A man in a brown leather jacket and fedora standing in front of brick wall
Brad Pitt said in a recent interview that his career is in its final stages.
(Jay L. Clendenin / Los Angeles Times)

While Brad Pitt’s career appears to be revving up, the actor is looking to wind down.

He’s two years removed from accepting his long-sought acting Oscar for his role in “Once Upon a Time ... in Hollywood,” has been producing critically acclaimed films through his production company, Plan B, and is going to star in two blockbuster films this year.

But in an interview with GQ, the 58-year-old actor spoke about reaching the final chapters of his career.

“I consider myself on my last leg,” Pitt said, “this last semester or trimester. What is this section gonna be? And how do I wanna design that?”

The statement comes weeks before Pitt stars in David Leitch’s “Bullet Train,” based on Kōtarō Isaka’s novel of the same name. Pitt plays a hardened assassin and is joined by a big-name cast that includes Sandra Bullock, Joey King and Bad Bunny, among others. The film opens in theaters Aug. 5.


Pitt’s Plan B will release two flashy films this year: Andrew Dominik’s “Blonde,” a Marilyn Monroe biopic with a buzzy teaser trailer starring Ana De Armas, and an adaptation of Miriam Toews’ novel “Women Talking,” which stars Frances McDormand and Rooney Mara.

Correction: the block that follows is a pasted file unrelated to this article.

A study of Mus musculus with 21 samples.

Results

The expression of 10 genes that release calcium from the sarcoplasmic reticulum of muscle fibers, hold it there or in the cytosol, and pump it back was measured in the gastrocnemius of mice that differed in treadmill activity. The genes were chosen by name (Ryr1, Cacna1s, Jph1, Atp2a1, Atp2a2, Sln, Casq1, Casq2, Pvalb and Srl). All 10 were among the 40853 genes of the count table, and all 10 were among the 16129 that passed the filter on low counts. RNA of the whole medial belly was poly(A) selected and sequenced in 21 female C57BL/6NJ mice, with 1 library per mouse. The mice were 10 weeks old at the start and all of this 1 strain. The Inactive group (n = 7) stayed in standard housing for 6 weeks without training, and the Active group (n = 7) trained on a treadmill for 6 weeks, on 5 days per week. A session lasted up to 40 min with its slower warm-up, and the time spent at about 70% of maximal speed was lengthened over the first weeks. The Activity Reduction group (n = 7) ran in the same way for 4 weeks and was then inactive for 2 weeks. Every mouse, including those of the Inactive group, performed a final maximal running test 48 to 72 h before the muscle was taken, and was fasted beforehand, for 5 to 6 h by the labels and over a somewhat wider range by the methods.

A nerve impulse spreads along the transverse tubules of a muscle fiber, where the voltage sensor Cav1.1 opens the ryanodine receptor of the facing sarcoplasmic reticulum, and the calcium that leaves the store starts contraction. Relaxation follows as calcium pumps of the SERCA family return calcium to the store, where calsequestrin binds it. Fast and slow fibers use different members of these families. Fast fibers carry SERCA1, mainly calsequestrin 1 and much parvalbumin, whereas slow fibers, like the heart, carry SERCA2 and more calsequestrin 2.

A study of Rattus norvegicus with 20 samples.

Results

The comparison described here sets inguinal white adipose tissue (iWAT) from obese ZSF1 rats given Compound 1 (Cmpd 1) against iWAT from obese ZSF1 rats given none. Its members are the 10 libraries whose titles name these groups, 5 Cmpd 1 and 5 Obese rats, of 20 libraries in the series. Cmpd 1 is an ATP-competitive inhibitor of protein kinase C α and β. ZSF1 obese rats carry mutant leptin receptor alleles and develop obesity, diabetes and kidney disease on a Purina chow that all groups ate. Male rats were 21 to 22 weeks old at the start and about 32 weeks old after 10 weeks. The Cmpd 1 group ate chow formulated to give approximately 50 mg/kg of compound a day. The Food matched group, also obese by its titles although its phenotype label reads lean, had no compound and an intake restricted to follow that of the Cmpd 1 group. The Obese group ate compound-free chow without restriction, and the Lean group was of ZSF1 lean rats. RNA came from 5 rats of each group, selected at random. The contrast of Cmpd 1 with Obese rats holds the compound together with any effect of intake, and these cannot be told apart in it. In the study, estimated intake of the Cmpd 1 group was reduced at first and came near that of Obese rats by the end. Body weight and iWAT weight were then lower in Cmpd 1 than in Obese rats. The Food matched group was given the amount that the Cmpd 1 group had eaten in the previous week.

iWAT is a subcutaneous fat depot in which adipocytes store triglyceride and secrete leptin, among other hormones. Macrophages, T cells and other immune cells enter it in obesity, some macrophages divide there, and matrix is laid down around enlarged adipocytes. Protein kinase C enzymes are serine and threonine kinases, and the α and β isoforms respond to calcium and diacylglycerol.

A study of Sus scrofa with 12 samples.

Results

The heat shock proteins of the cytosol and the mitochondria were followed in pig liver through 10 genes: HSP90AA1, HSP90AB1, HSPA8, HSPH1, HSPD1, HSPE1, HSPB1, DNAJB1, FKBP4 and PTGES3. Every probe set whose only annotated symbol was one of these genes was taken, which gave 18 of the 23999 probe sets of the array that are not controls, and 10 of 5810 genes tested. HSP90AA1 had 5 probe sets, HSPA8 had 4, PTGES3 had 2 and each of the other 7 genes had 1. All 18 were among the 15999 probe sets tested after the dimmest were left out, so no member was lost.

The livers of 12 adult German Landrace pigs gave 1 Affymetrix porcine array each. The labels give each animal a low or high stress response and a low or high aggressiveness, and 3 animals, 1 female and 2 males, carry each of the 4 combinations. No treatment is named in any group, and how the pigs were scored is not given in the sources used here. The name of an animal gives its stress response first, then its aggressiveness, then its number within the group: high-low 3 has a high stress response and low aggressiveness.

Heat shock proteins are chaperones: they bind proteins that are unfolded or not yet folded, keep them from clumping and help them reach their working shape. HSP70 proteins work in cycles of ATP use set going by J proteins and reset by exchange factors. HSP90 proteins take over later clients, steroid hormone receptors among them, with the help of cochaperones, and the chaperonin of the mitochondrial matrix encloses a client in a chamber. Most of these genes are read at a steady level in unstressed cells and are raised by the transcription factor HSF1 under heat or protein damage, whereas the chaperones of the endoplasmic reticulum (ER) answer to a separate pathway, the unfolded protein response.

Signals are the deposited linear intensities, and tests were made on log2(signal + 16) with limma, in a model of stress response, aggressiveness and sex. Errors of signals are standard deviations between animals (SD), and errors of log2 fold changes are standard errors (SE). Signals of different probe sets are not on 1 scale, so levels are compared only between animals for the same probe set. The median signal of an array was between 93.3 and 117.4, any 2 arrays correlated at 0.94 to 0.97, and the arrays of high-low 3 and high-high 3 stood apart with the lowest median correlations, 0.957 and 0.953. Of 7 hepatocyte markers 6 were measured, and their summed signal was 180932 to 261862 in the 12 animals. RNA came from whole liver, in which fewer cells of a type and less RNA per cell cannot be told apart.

“I’m one of those creatures that speaks through art,” Pitt told GQ. “I just want to always make. If I’m not making, I’m dying in some way.”

But he also spoke about the stress that comes with his current artistic output and life in Los Angeles.

“I drive out [of Los Angeles] and I just feel like I’m taking off a cloak or something,” he said. “As soon as you turn in past Santa Barbara [toward Los Angeles], I feel it coming. The shoulders start getting a little higher, and I feel it. I’m not quite sure what that is and how to contend with it just yet.”


“He’s one of the last remaining big-screen movie stars,” the director told GQ. “It’s just a different breed of man. And frankly, I don’t think you can describe exactly what that is because it’s like describing starshine.”